Rachel Ivins Grant
She was born on March 7, 1821, in Hornerstown, New Jersey, and she and her seven siblings were orphaned when she was ten years old. They went to live with their paternal grandfather. He was a successful Quaker businessman, and the children had an easy life with servants to do most of the work. Rachel lived with her grandfather for two years and then moved to Trenton, New Jersey, to live with two cousins who required her to learn the practical skills of caring for a home. Although her grandfather welcomed her return, she opted to stay in her cousins’ home because she appreciated her structured life and the skills she was mastering. Those skills brought her work as a housekeeper with her uncle, Richard Ridgeway, and later served her well as a single parent.
At the age of sixteen, Rachel left her Quaker life of no music and joined the Baptist church. At the age of eighteen, she joined Mormon Church. She said, “The Bible I could understand as never before—its truths were made plain to me, and the plan of salvation lay clear before me. . . . I could sing all the day long, and rejoice in the glorious promises of the Gospel.”
Some of her cousins had also joined the Church, and in 1842, they joined the Saints in Nauvoo, Illinois. Rachel was 21 years old. During her second year in Nauvoo, which led up to the martyrdom of the Prophet Joseph Smith and his brother Hyrum Smith, she contracted malaria, but despite her illness, she stood firm in her loyalty to the Prophet and the Church. Her cousins, however, did not. When the Saints left Nauvoo for Winter Quarters, she went back home to her family in New Jersey, where she gained strength and continued her devotion to the Church. She lived for a time with her sister Anna, and her husband, Israel Ivins, who were also devoted members of the Church. When they immigrated to Utah in 1953, Rachel went with them.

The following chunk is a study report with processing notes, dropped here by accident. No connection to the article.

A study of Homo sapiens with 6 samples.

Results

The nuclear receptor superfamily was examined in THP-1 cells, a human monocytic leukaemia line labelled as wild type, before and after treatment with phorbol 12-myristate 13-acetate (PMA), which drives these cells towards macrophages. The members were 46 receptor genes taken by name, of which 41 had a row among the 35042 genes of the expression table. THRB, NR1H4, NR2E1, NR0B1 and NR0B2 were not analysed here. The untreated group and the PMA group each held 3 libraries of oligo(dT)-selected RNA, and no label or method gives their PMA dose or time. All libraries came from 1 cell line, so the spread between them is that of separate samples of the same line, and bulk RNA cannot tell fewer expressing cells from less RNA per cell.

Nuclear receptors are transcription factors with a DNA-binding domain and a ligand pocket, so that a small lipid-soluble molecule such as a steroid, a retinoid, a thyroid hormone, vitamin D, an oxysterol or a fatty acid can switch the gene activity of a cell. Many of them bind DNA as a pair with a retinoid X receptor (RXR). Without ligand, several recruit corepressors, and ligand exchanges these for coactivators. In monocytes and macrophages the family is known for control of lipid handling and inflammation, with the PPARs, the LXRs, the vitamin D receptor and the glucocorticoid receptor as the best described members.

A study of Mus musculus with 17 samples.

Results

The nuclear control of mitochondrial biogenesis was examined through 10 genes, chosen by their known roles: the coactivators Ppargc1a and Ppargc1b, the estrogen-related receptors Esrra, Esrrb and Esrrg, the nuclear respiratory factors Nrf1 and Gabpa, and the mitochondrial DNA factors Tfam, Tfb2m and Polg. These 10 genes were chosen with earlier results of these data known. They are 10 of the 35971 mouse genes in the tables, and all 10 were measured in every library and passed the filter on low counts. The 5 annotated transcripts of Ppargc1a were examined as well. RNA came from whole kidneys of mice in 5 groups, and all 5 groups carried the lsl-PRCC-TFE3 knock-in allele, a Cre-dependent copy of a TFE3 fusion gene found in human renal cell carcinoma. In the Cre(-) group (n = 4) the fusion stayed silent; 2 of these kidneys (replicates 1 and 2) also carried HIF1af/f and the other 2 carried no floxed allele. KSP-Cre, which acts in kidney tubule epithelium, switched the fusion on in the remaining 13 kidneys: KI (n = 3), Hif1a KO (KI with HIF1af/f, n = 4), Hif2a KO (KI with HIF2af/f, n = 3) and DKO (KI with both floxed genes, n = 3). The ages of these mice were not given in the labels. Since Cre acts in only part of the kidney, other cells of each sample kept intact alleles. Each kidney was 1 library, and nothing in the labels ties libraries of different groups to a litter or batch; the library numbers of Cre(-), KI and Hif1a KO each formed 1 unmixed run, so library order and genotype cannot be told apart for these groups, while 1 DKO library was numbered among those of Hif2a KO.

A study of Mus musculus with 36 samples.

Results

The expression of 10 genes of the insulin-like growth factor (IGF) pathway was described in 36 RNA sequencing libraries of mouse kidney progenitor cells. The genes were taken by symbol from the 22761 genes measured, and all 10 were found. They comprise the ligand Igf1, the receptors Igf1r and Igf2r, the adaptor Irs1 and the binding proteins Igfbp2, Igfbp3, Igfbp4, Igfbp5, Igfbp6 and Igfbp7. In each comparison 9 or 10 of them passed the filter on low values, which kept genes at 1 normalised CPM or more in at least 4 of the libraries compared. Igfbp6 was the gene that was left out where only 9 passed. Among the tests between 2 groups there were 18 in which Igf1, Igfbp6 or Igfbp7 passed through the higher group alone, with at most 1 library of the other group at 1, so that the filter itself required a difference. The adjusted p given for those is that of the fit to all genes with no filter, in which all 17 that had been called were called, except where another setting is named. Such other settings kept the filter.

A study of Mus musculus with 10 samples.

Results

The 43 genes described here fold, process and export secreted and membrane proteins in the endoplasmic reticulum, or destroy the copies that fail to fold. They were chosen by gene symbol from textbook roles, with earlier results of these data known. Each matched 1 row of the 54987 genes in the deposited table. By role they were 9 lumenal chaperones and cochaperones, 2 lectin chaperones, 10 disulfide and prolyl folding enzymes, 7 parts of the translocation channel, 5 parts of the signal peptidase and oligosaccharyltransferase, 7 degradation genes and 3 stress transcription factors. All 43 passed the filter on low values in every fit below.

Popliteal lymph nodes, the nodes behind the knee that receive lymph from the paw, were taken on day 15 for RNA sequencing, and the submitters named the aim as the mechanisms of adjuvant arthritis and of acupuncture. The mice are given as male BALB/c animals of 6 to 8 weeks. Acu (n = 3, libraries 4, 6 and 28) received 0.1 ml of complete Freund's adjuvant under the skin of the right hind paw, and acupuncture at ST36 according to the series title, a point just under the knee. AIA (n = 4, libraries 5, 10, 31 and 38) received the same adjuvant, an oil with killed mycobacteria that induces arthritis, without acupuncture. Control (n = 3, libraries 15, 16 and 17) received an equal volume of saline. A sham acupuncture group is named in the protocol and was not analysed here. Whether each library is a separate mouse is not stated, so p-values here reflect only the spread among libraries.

On November 29, 1855, Rachel became a plural wife to Jedediah M. Grant, who was the first missionary to teach her the gospel in New Jersey. Their marriage lasted only a year—he died of typhoid and pneumonia nine days after Rachel gave birth to her only child. She and the other widows married Jedediah’s older brother George, but Rachel obtained a divorce shortly after the marriage and rarely spoke of her experience in his household. She bought a small adobe home in Salt Lake. She made a meager living for years as a seamstress, and then took in boarders, which made life easier for her and Heber. Heber later built his mother a nicer home.
She continued to serve in the Church, including serving as a ward Relief Society president for thirty-five years. During those years, she oversaw the completion of carpets for the Salt Lake Temple. She supported women’s suffrage and retrenchment and encouraged her son in his endeavors.
In 1868, she became deaf from abscessed tonsils. She could only watch her son as he served as an apostle for the last twenty-six years of her life. She died on January 27, 1909.
Leonard Arrington, Susan Arrington Madsen, and Emily Madsen Jones, Mothers of the Prophets, rev. ed. (Salt Lake City: Deseret Book, 2009).